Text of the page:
Assumption Professor Named President of the New England Psychological Association
The New England Psychological Association (NEPA) announced a transition in leadership at its annual conference on November 6, naming Assumption University Associate Professor of Psychology Adam Volungis, Ph.D., as its next president. Prof. Volungis assumes the role from fellow Assumption Professor Leonard A. Doerfler, Ph.D., who has served as NEPA president since 2018.
Prof. Volungis was elected president by his peers in April 2020 and will serve in the position for the next two years. His responsibilities include facilitating committee meetings and preparing for upcoming NEPA Conference meetings. Given the benefits of this position for his students and research assistants, Prof. Volungis is embracing the opportunities provided by this position.
“One of our primary goals is to be a reliable organization for individuals to present their research and network in a supportive environment, especially for students and early career professionals/professors,” shard Prof. Volungis. “Being president will afford me the opportunity to better network with other psychologists with similar interests on behalf of my students and research assistants. It will give them more diverse opportunities for future research projects, including professional conference presentations.”
Prof. Volungis earned his doctorate in counseling psychology from Indiana University; a master’s degree in counseling psychology from Assumption; and a bachelor’s in psychology from Saint Anselm College. He has worked as a psychologist for groups ranging from psychiatric patients to youth and families and has completed research on topics such as prevention of school violence, suicide prevention in adolescents, college student mental health, smartphone dependency, enhancing cognitive behavioral therapy with technology, and youth internalizing/externalizing disorders.
During his time as NEPA president, Prof. Doerfler, director of Assumption’s clinical counseling psychology program and director of the Aaron T. Beck Institute for Cognitive Studies, chaired the steering committee that organizes the annual conference and collaborated with his colleagues to review papers and posters that are submitted for presentation at the annual conference.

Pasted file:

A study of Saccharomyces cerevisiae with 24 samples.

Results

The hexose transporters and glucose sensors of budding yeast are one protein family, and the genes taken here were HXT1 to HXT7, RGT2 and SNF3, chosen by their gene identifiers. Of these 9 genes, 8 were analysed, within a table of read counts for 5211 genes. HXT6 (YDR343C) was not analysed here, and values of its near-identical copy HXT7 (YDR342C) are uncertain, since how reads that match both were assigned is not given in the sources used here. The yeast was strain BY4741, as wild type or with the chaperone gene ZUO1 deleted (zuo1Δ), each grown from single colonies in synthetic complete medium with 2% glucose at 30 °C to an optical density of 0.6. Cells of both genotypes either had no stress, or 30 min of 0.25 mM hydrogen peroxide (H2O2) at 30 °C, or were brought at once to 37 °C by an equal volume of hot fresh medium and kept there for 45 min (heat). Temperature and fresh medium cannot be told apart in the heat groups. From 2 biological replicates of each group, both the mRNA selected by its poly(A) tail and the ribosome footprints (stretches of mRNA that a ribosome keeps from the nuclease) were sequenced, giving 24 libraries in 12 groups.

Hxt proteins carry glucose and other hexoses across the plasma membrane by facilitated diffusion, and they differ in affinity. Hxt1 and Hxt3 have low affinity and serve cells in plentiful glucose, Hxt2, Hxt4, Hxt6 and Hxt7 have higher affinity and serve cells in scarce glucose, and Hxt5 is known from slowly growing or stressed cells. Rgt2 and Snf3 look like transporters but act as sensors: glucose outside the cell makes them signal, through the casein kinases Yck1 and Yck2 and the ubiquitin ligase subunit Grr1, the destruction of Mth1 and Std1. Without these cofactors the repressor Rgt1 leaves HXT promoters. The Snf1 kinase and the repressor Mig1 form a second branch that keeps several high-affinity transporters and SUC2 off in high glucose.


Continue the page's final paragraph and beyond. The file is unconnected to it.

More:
At the 2021 conference, Prof. Doerfler delivered his last address as president, speaking on The Nature and Treatment Implications of the Association of Psychosocial, Legal, and Work Difficulties for Latino Men Admitted to a Residential Substance Use Treatment Program, a topic he has researched extensively in his career. Prof. Doerfler examined the nature and extent of psychosocial problems in a sample of 100 men who had been admitted to a bicultural, bilingual residential substance use treatment program for Latino men.
“Individuals who use illicit drugs like heroin and other opiates or cocaine often experience a wide range of psychological and interpersonal problems,” shared Prof. Doerfler in his address, adding that drug use can lead to serious legal and work-related problems. “Substance use treatment (often referred to as addiction counseling) often addresses only individuals’ drug use, essentially ignoring other psychological disorders that are present.”
Prof. Doerfler was also a co-author of three posters presented at the conference, two of which are collaborations with current Assumption graduate students and alumni of the University’s clinical counseling psychology program. The posters are titled “Examination of Irritability and Internalizing Symptoms in College Students who Meet Diagnostic Criteria for Oppositional Defiant Disorder”, “Oppositional Defiant Disorder, Irritability, and Internalizing Symptoms in College Students”, and “Perfectionism and Externalizing Disorders: Examining Goal Striving and Evaluative Concerns as Broadspectrum Transdiagnostic Risk Factors.”
Prof. Doerfler holds a doctorate in clinical psychology and master’s degree in clinical psychology from the University of Missouri at Columbia, and a bachelor’s degree from the University of Pittsburgh. His expertise has been recognized by a number of organizations including as a fellow of the Association for Behavioral and Cognitive Therapies; Trustee of the Year for the Bridge of Central Massachusetts; and he received the President’s Award for Excellence in Scholarship from Assumption.
According to NEPA, the organization is dedicated to “the advancement of psychology as a science, as a profession, and as a means of promoting human welfare; hosts presentations by invited speakers, symposia, workshops, papers and posters at annual autumn meetings held in the six New England states, usually on a college campus; encourages students to enter the field of psychology, through its Honorary Undergraduate Fellow program and its co-sponsorship of Psi Chi and Psi Beta activities; and provides an opportunity at the Annual Meeting for officers of the psychological associations of the six New England states to meet and confer on current professional issues.”